Various - 50 First Dates OST
Oliver Sacks once published a story about the case of a man who, although a few of the details may be missing in this retelling, stopped creating new memories sometime in 1970 as the result of the removal of a large brain tumour. Every day, he would awaken to see the world anew, remember all he could during those hours and, as he passed into sleep at night, forget them all again. His favourite band was The Grateful Dead and on Sacks taking him to a concert by the band in the early nineties, his patient believed that what he was hearing was a glimpse into the 'music of the future', rather than of the present day. Sadly, every day saw the breaking of the news to this patient that his father had died years before. Sometimes it's better to forget...
The plot of the new movie 50 First Dates is based on a somewhat similar case as marine vet Henry (Adam Sandler) meets Lucy (Drew Barrymore) whilst working on an island in the Hawaii archipelago, finding, however, that a car accident as ruined her short-term memory. Like Groundhog Day, every morning sees Lucy have, what is for her, a first date, whilst Henry works increasingly hard to make sure she never realises that she suffers from any form of disability.
Whilst early reviews are a mix of the favourable and those who appear to have been insulted by the sight of Adam Sandler and Rob Schneider appearing in the same film, the soundtrack album has been released with a clutch of eighties love songs recorded by contemporary artists, often with a reggae feel. Why reggae? Uh...I'm guessing that one island in close proximity to the US is much the same as another so Hawaii, Jamaica...'tis a pity we don't have some native Icelandic drumming beating behind each of these love songs.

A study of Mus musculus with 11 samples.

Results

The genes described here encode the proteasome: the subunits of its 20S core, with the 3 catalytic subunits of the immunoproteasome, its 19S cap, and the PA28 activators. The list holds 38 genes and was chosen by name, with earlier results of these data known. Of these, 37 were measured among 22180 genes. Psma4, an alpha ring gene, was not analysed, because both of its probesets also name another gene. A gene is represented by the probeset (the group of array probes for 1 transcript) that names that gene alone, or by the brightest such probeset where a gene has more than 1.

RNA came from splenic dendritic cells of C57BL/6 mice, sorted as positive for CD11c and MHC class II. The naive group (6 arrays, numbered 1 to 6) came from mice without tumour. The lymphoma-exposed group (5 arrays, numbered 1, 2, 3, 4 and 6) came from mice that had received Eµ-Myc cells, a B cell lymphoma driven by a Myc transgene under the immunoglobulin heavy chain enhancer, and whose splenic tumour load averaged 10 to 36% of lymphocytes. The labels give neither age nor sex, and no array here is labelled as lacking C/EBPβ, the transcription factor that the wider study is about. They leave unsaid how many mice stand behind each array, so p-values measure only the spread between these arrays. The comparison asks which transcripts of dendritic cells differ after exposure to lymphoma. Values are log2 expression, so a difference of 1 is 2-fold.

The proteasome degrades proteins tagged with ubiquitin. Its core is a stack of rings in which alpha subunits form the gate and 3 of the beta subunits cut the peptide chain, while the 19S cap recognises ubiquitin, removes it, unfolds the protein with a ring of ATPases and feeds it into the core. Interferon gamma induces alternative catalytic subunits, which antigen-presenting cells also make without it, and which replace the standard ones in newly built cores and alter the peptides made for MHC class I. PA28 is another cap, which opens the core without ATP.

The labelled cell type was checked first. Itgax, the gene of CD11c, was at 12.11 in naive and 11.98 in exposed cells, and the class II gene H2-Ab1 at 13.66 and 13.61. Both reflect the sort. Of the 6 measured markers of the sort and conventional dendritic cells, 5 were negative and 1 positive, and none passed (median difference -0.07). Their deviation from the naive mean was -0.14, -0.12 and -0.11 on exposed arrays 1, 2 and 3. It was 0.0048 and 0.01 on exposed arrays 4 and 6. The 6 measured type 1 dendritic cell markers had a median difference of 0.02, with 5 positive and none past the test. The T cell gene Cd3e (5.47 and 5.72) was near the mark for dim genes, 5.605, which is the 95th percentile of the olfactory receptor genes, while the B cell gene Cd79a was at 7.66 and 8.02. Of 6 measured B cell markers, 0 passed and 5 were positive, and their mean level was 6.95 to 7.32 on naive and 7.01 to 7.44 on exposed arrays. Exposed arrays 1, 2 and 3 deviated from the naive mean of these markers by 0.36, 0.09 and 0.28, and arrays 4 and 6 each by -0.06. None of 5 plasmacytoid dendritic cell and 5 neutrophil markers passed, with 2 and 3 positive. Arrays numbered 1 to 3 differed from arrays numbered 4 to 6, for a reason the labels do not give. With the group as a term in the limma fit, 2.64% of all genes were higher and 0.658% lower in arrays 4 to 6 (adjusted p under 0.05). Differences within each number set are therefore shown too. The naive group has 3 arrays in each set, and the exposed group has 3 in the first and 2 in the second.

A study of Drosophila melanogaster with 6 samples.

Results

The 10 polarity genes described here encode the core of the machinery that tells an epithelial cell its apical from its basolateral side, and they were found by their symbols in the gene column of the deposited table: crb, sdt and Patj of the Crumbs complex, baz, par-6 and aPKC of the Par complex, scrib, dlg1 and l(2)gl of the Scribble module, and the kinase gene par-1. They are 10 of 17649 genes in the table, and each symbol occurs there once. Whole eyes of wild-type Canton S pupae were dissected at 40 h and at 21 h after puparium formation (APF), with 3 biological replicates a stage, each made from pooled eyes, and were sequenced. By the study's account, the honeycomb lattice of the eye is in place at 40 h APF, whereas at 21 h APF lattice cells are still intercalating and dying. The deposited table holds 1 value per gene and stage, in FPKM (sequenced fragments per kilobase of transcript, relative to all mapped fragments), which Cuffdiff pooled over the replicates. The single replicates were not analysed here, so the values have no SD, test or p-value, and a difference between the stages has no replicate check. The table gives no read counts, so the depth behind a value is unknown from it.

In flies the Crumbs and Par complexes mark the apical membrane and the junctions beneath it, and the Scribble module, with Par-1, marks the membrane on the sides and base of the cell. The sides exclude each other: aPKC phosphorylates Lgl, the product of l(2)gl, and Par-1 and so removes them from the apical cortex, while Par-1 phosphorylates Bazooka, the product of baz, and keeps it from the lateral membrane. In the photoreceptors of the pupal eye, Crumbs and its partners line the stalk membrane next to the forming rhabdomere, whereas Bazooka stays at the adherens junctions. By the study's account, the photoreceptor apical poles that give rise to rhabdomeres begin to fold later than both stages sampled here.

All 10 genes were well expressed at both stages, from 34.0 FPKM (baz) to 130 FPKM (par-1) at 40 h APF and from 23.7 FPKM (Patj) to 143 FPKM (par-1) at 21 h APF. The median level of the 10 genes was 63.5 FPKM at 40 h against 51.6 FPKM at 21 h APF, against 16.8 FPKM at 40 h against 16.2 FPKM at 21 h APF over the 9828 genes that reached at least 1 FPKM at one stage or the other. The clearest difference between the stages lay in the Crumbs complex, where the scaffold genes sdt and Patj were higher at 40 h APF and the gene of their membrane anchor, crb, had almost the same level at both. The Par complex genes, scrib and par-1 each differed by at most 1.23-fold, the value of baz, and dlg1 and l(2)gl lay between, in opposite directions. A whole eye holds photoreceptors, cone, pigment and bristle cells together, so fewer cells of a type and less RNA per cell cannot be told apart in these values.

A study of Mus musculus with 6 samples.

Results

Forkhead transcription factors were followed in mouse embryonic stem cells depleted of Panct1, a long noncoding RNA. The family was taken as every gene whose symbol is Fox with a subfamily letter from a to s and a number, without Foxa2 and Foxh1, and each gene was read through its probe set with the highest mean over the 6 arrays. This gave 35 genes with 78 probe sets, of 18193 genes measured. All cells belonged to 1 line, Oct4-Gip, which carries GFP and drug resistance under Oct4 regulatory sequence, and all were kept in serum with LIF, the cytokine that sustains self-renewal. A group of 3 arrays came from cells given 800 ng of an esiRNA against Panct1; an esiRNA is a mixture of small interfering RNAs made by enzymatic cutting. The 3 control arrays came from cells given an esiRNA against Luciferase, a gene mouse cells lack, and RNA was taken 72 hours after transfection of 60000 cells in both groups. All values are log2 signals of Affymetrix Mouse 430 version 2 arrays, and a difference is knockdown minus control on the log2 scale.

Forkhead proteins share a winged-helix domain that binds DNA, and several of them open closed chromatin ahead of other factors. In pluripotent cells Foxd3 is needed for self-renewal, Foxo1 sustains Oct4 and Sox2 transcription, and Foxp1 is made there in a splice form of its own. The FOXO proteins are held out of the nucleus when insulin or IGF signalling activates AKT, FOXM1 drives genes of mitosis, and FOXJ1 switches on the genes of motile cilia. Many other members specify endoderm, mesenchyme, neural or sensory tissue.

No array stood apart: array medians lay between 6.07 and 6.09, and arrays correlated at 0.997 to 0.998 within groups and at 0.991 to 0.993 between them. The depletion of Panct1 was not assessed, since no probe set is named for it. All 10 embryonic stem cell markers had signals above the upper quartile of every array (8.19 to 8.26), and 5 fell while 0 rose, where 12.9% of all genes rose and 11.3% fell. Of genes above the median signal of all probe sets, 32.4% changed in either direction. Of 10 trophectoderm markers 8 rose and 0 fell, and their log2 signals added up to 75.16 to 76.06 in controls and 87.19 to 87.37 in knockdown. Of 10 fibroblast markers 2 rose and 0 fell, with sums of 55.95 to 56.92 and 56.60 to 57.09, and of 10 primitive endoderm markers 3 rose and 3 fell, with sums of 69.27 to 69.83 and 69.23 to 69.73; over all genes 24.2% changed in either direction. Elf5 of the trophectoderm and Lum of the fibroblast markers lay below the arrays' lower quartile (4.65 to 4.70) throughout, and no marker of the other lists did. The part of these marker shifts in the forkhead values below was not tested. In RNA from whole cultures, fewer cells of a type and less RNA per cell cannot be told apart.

And what a selection - The Thompson Twins' Hold Me Now recorded by Wayne Wonder, The Cure's Love Song and Friday, I'm In Love by 311 and Dryden Mitchell, respectively, and Slave To Love recorded by Elan Atias are only four of the songs on this release, although not the four that get to the heart of this release. Instead, playing up on the reggae feel of this album, everyone's favourite reggae stars Ziggy Marley and UB40 contribute covers of The Cars' Drive and The Police's Every Breath You Take. Everyone, that is, who has either no interest in reggae, has never actually heard of reggae or is actually dead. UB40 are the only act on this disc who were having hits during the eighties and their presence on this album is evidence of how far they've fallen from being a political, reggae act into being a covers act keen to place their striped hat anywhere so long as there's a purse at the end.
Finally, the album's most shocking moment is that its last track, Forgetful Lucy, co-written by Adam Sandler is by far the album's best. Whilst the jump across twenty years is one jump too far for many of these songs, some of which deserve to be left back in the eighties, this song is a sweet little acoustic track, which is beautifully gentle, with Sandler singing about his newfound love who can't remember who he is come sunrise. Within seconds of the song starting, it's got such emotion and grace so as to pull you in without hesitation and is quite the best thing Sandler has ever done, including his film career.
Holding back its best track to the end isn't a great move but for fans of pop reggae, this is a fine if not great release. With the exception of the Adam Sandler song, the light reggae rhythms do grate but the 1m50s of the last song do end the 50 First Dates soundtrack album on a high.